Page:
First proposals to extend environmental assessment rules

Proposals to extend statutory environmental assessment (EA) requirements to seven additional classes of project were issued for consultation by the Department of the Environment (DoE) on 30 June.1 The new rules would also require public consultations on information provided by developers after an environmental statement has been submitted.

The DoE's proposals would make use of a section inserted in the Planning and Compensation Act 1991 following pressure from conservation groups. They argued that Britain's existing regulations on EA of projects subject to planning control, introduced in 1988, are limited in that they cannot be extended to cover projects which are not specifically listed in the 1985 EC Directive on EA. The Government relented and included a clause in the Act which provides for other classes of project to be made subject to EA by means of regulations (ENDS Report 195, pp 23-4).

Six of the seven classes of project which the DoE has now proposed should be subject to EA would be "Schedule 2" projects. EA is required for these only when a planning authority believes they will give rise to "significant" environmental effects. For some Schedule 2 projects, official guidance will lay down "indicative criteria". Projects meeting these would be expected to give rise to "significant" effects, although the decision whether to require EA will remain with the planning authority.

The six classes of project concerned are:

  • Trout farms: A defective translation of the EC Directive resulted in "salmonid" farms being included in the English version as "salmon" farms. Salmonids include trout, and trout farms will now be subject to EA. No indicative criteria will be provided for these.

  • Water treatment plants: One of the reasons why conservation groups sought the regulation-making power inserted in the 1991 Act was that intrusive water treatment works were being built in a National Park. The indicative criterion proposed by the DoE are that the site of such a plant is in a National Park, Area of Outstanding Natural Beauty (AONB), Site of Special Scientific Interest (SSSI) or heritage coast.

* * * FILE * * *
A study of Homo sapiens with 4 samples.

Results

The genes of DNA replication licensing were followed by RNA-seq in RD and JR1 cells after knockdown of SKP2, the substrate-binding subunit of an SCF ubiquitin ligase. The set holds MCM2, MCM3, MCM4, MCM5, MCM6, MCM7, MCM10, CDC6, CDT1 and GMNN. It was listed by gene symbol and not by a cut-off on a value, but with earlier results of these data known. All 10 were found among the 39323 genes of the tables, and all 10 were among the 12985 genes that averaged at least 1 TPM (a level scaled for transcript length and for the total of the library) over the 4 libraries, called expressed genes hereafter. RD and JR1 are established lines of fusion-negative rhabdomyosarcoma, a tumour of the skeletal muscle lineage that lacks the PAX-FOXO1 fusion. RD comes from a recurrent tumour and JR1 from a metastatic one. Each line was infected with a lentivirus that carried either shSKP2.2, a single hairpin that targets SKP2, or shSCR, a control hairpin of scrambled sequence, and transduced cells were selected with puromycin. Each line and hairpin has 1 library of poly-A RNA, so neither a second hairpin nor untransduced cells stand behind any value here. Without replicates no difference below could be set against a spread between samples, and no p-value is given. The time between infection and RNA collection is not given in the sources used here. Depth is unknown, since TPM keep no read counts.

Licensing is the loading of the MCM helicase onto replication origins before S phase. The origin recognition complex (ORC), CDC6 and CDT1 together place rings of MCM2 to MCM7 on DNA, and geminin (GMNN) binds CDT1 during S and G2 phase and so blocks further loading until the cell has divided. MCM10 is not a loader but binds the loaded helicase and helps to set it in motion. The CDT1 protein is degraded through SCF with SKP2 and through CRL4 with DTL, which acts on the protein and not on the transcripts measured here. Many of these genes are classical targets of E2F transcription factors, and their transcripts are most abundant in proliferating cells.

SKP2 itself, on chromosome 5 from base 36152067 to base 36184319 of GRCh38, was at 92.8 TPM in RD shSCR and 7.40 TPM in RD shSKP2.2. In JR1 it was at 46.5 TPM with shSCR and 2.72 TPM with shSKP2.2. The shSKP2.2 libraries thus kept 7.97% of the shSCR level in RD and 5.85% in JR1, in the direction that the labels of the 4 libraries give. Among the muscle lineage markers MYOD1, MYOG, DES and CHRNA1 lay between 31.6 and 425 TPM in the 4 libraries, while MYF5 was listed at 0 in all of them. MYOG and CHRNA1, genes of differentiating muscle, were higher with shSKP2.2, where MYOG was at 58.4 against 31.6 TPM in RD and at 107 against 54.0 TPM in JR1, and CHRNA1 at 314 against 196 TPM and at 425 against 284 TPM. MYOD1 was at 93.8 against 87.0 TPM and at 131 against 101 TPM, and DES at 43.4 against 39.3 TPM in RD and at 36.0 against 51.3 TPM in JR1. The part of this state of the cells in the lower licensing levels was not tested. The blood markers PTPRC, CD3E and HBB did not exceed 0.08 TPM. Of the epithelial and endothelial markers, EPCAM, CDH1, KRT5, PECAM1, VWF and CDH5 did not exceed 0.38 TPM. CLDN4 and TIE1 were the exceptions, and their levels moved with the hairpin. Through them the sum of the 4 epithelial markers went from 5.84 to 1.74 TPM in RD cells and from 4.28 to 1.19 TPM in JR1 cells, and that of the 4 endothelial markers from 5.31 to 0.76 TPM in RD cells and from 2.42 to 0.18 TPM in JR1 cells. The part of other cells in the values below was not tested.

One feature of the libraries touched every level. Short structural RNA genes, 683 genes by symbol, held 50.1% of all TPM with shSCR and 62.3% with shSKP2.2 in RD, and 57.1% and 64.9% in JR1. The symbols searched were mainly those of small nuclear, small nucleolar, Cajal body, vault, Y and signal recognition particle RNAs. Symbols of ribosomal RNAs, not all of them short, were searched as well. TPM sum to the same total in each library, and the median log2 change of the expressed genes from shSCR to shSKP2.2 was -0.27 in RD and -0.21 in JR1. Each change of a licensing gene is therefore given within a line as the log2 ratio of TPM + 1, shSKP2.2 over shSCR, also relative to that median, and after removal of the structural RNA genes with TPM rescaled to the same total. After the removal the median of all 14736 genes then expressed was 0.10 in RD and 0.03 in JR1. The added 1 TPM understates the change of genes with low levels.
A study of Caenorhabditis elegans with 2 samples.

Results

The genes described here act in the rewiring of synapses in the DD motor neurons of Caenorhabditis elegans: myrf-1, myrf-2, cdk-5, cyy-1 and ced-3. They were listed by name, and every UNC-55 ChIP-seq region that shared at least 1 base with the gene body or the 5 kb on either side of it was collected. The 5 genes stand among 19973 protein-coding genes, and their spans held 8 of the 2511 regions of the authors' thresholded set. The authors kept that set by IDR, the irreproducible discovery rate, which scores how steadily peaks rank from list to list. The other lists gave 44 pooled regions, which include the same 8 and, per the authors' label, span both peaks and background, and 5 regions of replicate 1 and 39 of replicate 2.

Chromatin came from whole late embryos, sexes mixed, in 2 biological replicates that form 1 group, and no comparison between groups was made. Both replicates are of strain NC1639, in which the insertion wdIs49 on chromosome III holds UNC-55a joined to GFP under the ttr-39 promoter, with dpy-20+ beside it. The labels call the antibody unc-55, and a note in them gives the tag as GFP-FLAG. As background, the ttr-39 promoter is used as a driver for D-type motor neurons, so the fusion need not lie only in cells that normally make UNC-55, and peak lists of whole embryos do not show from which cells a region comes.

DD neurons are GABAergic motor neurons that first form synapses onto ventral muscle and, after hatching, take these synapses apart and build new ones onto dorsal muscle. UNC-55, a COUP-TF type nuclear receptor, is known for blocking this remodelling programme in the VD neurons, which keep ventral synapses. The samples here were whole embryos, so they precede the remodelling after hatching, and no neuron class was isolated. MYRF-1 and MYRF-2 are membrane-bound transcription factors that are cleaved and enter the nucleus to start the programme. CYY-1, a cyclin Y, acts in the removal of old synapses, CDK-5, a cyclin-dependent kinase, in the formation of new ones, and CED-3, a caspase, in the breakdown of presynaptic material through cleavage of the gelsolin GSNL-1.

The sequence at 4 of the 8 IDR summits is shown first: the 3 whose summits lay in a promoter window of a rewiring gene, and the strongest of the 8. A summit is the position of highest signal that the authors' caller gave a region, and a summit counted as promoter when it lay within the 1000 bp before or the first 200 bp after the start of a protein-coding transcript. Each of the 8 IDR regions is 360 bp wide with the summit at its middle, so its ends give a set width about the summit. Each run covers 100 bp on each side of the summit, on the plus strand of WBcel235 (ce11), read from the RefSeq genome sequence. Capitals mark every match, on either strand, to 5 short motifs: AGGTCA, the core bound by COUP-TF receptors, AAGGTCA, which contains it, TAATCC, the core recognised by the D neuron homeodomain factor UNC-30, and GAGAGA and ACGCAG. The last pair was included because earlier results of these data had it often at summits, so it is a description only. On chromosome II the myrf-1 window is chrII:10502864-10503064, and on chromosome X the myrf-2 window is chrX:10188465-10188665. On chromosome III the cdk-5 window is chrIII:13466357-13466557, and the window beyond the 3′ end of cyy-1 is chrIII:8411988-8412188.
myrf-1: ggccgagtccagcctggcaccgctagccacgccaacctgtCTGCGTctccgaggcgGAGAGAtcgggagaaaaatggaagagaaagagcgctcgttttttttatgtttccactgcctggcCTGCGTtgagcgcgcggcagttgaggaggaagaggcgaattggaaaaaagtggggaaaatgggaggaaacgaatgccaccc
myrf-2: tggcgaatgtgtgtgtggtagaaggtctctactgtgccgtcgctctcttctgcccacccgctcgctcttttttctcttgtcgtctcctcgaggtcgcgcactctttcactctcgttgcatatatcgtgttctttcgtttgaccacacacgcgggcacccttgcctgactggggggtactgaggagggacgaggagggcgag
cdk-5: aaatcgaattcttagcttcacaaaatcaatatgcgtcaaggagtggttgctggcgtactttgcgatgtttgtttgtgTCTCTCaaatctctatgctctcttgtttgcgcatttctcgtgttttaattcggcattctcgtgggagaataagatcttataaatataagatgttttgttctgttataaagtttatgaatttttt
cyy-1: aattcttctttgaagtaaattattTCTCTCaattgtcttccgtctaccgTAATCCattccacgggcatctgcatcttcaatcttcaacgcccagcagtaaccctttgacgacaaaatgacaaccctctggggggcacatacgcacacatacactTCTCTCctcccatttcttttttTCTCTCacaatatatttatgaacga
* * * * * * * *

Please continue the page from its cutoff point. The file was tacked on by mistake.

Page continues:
• Wind generators: The subsidies offered to renewable energy via the "non-fossil fuel levy" over the past two years have sparked disputes over wind farm proposals in sensitive landscapes (ENDS Report 202, pp 10-13). The DoE has proposed that indicative criteria for wind generators should be their location in a National Park, AONB, SSSI or heritage coast or within two kilometres of them, or that the development comprises 11 or more turbines, or where its installed capacity is over 5MW. The proposal is unlikely to satisfy rural conservation groups, which want a presumption against wind farms in National Parks and AONBs (ENDS Report 203, p 21).

  • Motorway and other service areas.
  • Coast protection works.
  • Golf courses.
    The DoE has also proposed that privately financed toll roads should be "Schedule 1" projects, for which EA is mandatory. Only those authorised by the Secretary of State, but not those by local highway authorities, are currently in Schedule 1.

    Of the other amendments proposed by the DoE, the most significant would extend a rule requiring an environmental statement to be the subject of consultation with statutory consultees and the general public. The DoE has proposed that where additional information is provided by a developer - whether in response to a formal request by a planning authority, or given voluntarily when it could have been formally requested - this, too, should be the subject of public consultations. The only exception would be where the information was provided for the purpose of a public inquiry.